Days after severe storms and hail the size of golf balls pelted Melbourne, Sydney and Canberra, eastern Australia is again facing extreme fire danger.
Two days after eastern Australia was lashed with storms and hail, Victoria and New South Wales are again bracing for severe fire danger.
A weather change starting on Wednesday will push temperatures into the high 30s and bring strong winds with speeds of up to 50 kilometres in parts of the states.
Temperatures in parts of Sydney are forecast to surpass 40 degrees Celsius on Thursday with Penrith expected to be hottest at 43 degrees.
A total fire ban has been declared across all western and central areas of Victoria and in three areas of NSW as 78 fires continue to burn across the state.
The hot weather comes after heavy rainfall and hail the size of golf balls pelted down on Melbourne, Sydney and Canberra.
"It's been merry-go-round weather over the last few days. We've gone from fires and storms and floods and giant hail the size of limes to fire danger escalating on our doorstep," Bureau of Meteorology senior forecaster Kevin Parkyn told reporters.
Victoria's Country Fire Authority is concerned the weather conditions could start new blazes in western and central Victoria, as well as flare-up current fires in the east.
Rain damages roads in bushfire-affected areas
The State Emergency Service has received 2,220 calls for assistance since rain lashed the state on Sunday afternoon, followed by another bout of storms on Monday.
The majority of calls have been for building damage, with about 300 for trees down and 250 for flooding.
The rain fell hardest on Monday at Gippsland's Mount Moornapa, which received 139mm, marking its wettest day since 2007.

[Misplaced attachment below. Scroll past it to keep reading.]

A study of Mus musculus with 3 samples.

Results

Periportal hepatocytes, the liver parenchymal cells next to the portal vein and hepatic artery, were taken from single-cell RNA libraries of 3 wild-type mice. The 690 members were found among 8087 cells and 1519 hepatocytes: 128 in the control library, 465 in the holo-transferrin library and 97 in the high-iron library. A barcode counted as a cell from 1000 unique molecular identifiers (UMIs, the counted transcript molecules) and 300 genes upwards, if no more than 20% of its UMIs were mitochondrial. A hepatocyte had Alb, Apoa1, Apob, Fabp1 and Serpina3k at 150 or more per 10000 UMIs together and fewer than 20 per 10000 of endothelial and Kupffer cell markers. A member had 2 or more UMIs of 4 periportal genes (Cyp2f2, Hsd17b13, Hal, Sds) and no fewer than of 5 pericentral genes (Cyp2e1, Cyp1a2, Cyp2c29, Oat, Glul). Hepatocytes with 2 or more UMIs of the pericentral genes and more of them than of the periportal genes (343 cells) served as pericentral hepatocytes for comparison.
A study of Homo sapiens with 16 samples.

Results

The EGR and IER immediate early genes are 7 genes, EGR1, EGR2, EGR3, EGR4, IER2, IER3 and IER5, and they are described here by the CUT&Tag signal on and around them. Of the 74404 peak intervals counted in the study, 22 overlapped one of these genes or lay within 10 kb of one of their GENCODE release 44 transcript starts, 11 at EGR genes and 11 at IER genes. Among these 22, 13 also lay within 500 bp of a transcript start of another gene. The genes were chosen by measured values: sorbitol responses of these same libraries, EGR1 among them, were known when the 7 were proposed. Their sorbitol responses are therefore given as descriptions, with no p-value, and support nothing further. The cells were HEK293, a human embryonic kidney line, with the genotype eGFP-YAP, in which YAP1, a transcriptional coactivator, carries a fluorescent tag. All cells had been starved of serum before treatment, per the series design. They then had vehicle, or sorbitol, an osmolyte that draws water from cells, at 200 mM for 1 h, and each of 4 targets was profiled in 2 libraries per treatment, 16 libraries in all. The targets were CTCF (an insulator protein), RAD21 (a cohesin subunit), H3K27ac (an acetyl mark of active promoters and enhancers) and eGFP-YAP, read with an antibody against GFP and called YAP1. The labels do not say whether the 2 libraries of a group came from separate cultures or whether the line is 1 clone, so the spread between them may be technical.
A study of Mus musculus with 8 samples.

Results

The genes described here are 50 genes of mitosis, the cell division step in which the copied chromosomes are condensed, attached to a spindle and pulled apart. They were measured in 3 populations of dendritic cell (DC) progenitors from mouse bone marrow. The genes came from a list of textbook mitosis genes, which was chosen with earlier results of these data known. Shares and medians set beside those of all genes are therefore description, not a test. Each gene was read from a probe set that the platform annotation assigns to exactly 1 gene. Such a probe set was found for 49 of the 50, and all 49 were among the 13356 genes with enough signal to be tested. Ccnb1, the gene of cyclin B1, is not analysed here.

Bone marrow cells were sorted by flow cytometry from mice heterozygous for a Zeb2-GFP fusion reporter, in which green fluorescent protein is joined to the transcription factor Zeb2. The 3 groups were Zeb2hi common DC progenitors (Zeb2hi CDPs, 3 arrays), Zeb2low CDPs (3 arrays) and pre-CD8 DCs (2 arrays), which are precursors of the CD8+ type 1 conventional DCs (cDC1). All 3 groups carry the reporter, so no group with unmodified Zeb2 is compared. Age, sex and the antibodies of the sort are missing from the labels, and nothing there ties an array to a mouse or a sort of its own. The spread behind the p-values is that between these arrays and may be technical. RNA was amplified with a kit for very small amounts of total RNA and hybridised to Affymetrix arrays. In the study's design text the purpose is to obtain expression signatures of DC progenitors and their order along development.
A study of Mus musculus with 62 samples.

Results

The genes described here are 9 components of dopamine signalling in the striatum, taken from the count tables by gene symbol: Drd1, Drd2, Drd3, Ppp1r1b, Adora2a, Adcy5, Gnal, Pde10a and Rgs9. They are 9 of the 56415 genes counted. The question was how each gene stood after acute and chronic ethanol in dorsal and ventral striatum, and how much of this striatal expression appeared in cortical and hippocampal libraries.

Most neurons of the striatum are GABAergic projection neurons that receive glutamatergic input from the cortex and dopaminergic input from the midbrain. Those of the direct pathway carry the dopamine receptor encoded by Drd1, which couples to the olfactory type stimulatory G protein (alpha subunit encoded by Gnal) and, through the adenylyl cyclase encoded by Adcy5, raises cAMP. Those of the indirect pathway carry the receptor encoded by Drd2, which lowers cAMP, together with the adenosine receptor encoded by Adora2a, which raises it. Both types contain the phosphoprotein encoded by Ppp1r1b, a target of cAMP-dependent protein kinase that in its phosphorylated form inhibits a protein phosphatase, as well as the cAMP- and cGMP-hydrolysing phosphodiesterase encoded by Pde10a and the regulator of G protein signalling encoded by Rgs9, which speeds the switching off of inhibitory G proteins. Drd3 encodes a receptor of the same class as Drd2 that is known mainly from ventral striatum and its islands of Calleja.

Melbourne recorded 44mm of rain on Tuesday, which marked its highest 24-hour rainfall since 2011.
Lighter showers in East Gippsland and the northeast have helped firefighters fight the active blazes ravaging the region, but have also caused damage to roads and landslips.
But crews have managed to get roads open for residents despite the fire and rain.
"Sections of the Princes Highway from Orbost to Cann River and from Mallacoota to the New South Wales borders have been opened to local residents and people that get a permit," Emergency Management Commissioner Andrew Crisp said.
"We're continually working on other sections of the roads to open them up as quickly as possible...but that could be a situation that will confront us for a period of time."
With 98 per cent of the initial assessment completed by emergency services, 405 residential properties and more than 600 other structures have been confirmed damaged.
The impact of flooding and debris running into waterways is also of concern.
"There's a significant chance for run-off today, off the ground, and for those streams and creeks to run quite hard with debris, rocks, sticks and the like," SES deputy chief officer Alistair Drayton said on Monday.
There were 14 bushfires still burning in Victoria by Tuesday afternoon, with all now at advice level, meaning they don't pose risks to lives and homes.